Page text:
When Odysseus set off for glorious days in Troy, his beloved wife, Penelope, was left alone to unwittingly excite the appetite of men for a gorgeous queen. Before long, the palace was brimful of odious suitors who would flirt with the queen persistently. What is more, they made Penelope promise she would marry one of them. To keep them at bay, she came up with a devise: she promised she would come to a wedding with the best of them when she would have finished weaving a shroud. So, she spent the daytime weaving it and the nighttime unweaving it. Thus doing, she managed to stay clear of the suitors for 20 whole years, until Odysseus returned to Ithaca.
“Keep Ithaca always in your mind. Arriving there is what you are destined for”
Cavafy, Ithaca, translated by Edmund Keely/Philip Sherrard
Worldwide famous as the home of Odysseus, Ithaca symbolises the return to the haven, the discovery and the fulfillment. Despite its proximity to Kefalonia (Cephalonia) (2km northeast) it is much more peaceful, quiet and undiscovered from it, thus being an ideal place for alternative activities and a holiday living up to the standards of the most demanding ones amongst us. With its 27-kilometre long and 6.5-kilometre large mountainous surface, it boasts plenty of hiking as well as mountain bike trails in a sequence of blue and green alongside the coast and through olive, cypress, pine, oak, arbutus and carob trees up on the hills.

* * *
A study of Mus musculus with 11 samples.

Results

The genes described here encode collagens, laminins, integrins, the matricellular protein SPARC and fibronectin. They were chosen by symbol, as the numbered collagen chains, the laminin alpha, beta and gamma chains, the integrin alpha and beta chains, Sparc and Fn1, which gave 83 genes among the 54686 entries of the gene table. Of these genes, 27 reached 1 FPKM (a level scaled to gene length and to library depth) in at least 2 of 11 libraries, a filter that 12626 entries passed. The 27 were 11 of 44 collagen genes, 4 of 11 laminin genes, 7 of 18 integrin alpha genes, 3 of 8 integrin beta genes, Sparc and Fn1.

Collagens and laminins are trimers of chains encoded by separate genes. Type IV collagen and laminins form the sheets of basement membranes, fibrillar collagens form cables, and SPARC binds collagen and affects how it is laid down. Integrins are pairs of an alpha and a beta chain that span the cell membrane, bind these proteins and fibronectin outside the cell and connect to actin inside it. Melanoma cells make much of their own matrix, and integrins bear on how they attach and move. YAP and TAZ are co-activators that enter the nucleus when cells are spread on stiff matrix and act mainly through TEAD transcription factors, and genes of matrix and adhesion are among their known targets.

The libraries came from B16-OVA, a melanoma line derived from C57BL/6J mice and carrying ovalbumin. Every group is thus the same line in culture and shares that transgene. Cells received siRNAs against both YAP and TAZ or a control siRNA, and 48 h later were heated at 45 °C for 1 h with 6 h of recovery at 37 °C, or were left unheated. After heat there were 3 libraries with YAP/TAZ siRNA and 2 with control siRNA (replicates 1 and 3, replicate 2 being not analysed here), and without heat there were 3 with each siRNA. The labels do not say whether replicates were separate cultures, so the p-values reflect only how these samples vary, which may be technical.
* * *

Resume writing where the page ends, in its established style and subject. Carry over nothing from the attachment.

Scuba diving and sea kayaking are some of the options too, while the Cave of the Nymph will give you the chance to combine an exciting visit with a myth: Odysseus had hidden there the gifts he had brought along from the land of the Phaeacians.
The beach lovers will take pleasure in a multitude of choices covering all tastes, from sand to pebbles, from rocky to green-clad backgrounds, from peaceful to busy ones. Some of them are: Lootsa, Filiatró, Sarakínniko, Dexá, Minnímata, Yidáki, Aetós, Áspros Yalós, Afáles, Kourvoólia.
The 3.000-odd inhabitants of the island reside in some of the following villages:
Vathý: Marked by the features of the local architecture, it is the capital of the island and home to the Maritime and Folkloric Museum as well as to the Archaeological Museum of Ithaca. Vathý is built on a bay the center of which is decorated by the tiny little island of Lazarétto, a former sanatorium and prison.
Perahóri: A gorgeous scenic little village with a breathtaking view over the island. Built at the edge of the Afentikós Lógos forest, it is the perfect starting point for walks by medieval ruins in the oaks.
Stavrós: Situated on the north of the island, this village hosts another Archaeological Museum, known for the clay mask of the 1st century A.C. writing “ΕΥΧΗΝ ΟΔΥΣΣΕΙ” (= “a wish for Odysseus” in Ancient Greek).
Anoyí: A must of a visit thanks to the upright stones of the area (menhirs) the tallest of which goes as high as 8 metres.
It might be difficult to date the local dishes back to the ancient era; still their taste is mythical all the same. Try codpie, tomatoballs, savóro fish (fish fillet fried in vinegar, raisins, rosemary and garlic) tserepáto (red meat of chicken charcoal-grilled in a clay pot) and, as a desert, rovaní (ground rice with honey).
Getting to Ithaca
The island is connected by boat to the islands of Kefalonia and Lefkada, and to the ports of Patras, Killíni and Astakós on the mainland. Kefalonia is accessible by plane too.